At first glance, the Davis Street Tavern seems like the kind of place that a scruffy, dirt-poor college student has no business frequenting. The interior has the sort of Northwestern rugged-yet-exceedingly-expensive look so popular in the restaurants of the foodie-sphere.
A patio to die for
At first glance, the Davis Street Tavern seems like the kind of place that a scruffy, dirt-poor college student has no business frequenting.
The interior has the sort of Northwestern rugged-yet-exceedingly-expensive look so popular in the restaurants of the foodie-sphere. There is art for sale on the wall that carries four and five-figure price tags. The seasonal menu features items like apple, turnip and cheddar fritters with cumin-scented kale and masa harina. Clearly, this is a space designed for those already in possession of their college degrees.
At least, that’s what it seems like at first glance.
Faced with some beautiful warm and sunny weather in recent weeks, I felt myself compelled to find dinner and drinks somewhere with a patio. Walking past Backspace and the Someday Lounge, I discovered that Davis Street Tavern has, conveniently, all three.
It was something out of an Animal Planet television special on Portland, the way myself and other passing 20-somethings stopped, noticed the patio and hesitated, trying to figure out if this was some kind of yuppie trap. One by one, or sometimes in groups of two or three, we would cautiously approach the menu hanging outside by the door, examining it for signs of overt costliness. While most left, my food-adventurer friend and I decided to give it a try.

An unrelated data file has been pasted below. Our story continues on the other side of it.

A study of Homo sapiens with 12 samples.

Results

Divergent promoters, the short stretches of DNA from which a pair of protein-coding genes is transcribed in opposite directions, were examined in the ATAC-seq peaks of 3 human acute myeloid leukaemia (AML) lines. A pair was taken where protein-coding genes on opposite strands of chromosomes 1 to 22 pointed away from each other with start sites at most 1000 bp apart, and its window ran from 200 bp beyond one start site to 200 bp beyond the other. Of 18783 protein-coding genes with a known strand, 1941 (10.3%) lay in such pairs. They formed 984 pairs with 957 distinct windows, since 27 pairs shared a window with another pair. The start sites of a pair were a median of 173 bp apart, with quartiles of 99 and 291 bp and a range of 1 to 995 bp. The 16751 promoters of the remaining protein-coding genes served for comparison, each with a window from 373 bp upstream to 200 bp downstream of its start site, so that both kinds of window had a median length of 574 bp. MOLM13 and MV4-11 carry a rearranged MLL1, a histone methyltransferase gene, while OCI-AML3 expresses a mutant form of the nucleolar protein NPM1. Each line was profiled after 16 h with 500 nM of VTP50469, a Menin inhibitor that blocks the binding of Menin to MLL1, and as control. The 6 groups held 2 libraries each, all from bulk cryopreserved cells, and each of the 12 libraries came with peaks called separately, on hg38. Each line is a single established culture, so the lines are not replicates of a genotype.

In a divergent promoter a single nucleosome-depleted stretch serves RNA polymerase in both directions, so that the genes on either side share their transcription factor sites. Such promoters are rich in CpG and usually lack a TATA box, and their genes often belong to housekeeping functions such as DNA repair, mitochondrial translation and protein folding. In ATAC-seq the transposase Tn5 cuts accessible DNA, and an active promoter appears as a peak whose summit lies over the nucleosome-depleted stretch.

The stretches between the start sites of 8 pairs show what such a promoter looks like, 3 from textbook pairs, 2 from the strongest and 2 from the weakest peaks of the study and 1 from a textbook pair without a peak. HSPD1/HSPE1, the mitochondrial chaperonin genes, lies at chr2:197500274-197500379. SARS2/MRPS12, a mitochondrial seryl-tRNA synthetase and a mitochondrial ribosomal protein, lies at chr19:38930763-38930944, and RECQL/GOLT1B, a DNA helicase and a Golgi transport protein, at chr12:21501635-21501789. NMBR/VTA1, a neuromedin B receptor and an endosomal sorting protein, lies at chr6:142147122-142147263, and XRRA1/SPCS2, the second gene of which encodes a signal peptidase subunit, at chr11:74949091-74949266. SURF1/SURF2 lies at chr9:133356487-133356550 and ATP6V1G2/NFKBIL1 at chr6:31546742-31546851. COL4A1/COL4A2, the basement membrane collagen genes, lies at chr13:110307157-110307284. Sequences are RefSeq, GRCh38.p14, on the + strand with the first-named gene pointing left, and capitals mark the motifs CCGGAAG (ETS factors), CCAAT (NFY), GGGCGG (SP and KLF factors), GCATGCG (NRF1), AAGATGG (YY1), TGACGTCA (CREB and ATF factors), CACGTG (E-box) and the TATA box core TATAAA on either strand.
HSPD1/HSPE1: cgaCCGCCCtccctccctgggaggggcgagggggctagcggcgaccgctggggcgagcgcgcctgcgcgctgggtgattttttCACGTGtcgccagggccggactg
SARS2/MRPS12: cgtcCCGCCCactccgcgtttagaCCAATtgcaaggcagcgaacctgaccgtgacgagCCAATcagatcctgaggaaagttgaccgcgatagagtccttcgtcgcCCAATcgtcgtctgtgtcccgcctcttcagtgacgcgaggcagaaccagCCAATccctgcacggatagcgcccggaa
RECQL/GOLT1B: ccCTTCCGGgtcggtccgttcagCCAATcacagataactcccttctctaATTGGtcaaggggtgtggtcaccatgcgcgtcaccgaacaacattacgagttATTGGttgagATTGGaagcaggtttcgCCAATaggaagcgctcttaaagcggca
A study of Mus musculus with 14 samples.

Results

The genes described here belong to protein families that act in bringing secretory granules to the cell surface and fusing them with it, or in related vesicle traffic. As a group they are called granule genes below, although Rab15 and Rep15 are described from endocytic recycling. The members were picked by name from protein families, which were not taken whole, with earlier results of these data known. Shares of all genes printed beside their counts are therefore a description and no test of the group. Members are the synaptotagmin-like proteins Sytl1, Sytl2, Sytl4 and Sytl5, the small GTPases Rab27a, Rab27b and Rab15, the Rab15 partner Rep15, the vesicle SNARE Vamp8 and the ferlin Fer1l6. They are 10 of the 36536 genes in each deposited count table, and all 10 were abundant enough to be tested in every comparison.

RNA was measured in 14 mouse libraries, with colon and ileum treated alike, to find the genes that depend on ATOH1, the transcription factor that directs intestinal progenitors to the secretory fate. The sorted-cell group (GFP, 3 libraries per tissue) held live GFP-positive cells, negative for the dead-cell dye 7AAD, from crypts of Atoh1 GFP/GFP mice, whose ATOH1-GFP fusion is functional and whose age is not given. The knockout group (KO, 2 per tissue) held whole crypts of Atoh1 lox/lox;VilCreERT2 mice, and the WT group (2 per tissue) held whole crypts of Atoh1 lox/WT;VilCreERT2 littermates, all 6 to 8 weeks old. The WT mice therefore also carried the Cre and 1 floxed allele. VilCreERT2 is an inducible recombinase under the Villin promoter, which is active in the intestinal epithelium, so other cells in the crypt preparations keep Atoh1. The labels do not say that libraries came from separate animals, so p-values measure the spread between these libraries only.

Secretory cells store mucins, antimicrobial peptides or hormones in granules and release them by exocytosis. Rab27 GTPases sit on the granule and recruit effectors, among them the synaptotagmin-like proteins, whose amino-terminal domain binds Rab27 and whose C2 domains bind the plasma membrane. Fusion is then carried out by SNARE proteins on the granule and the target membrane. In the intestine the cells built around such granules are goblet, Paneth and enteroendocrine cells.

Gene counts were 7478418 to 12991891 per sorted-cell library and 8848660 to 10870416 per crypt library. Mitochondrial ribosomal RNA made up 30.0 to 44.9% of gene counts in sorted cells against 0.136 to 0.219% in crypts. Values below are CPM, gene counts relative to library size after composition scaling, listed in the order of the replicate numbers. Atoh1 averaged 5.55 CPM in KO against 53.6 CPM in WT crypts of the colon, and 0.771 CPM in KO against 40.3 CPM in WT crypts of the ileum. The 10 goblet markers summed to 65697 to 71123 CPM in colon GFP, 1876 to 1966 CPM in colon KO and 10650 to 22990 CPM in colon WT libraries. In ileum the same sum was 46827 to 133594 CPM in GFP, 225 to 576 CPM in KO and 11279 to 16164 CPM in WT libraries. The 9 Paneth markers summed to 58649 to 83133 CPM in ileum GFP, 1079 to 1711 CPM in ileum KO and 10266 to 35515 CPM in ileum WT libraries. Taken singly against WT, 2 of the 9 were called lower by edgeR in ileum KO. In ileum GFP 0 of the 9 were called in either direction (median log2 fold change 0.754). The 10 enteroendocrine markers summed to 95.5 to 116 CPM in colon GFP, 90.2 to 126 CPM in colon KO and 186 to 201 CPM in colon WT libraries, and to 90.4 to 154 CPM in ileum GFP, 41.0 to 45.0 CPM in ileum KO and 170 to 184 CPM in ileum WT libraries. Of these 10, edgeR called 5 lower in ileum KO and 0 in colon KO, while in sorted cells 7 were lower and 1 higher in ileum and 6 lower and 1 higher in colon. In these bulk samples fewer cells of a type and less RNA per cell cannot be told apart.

The secret to eating cheaply here is the “Tavern” menu and its subsequent offspring, the happy hour menu. Unlike the dinner menu (itself, a reasonably priced rainbow of fresh produce and standard meat offerings), the Tavern menu at Davis Street is a selection of typical bar fare with some creative twists. Instead of a cheese and bread plate, Davis offers an artisanal cheese plate complete with pistachio brittle, apples and honeycomb. Calamari comes not with marinara sauce, but a green chili hollandaise, and so on. Even with these unusual additions to the standard bar menu, prices are $10 and under for everything listed.
The happy hour menu pulls several items from the Tavern menu and cuts the price of each down to $5. Happy hour beer selections are $2-3 and wines are $5-6. Between the two of us, we had two beers, one glass of organic wine, a happy hour portion of oysters in the half shell ($5 for 3 with a tangy cucumber, shallot and roe topping), the strip loin burger (complete with braised pork belly, sharp cheddar cheese, tomato jam and pickled veggies on the side) and a bratwurst sandwich for $26.
And yes, it was all fantastic.
The sauerkraut on the bratwurst tasted homemade, as did the pickled vegetable salad that came with the burger. The veggies tasted fresh and clean, complimenting their respective meats perfectly. While my burger (which I admittedly ordered done “medium”) did come out a little on the dry side, it was all-in-all satisfying and delicious. I have definitely had better burgers in Portland, but not this close to campus and for $5.
The staff was friendly and attentive, giving us plenty of time to look over the menu, but not leaving us stranded without water or refills on beer when we needed them. If you’re looking for a change of pace from the porch at Paccini’s and want a light dinner with your beer, Davis Street Tavern is a solid choice.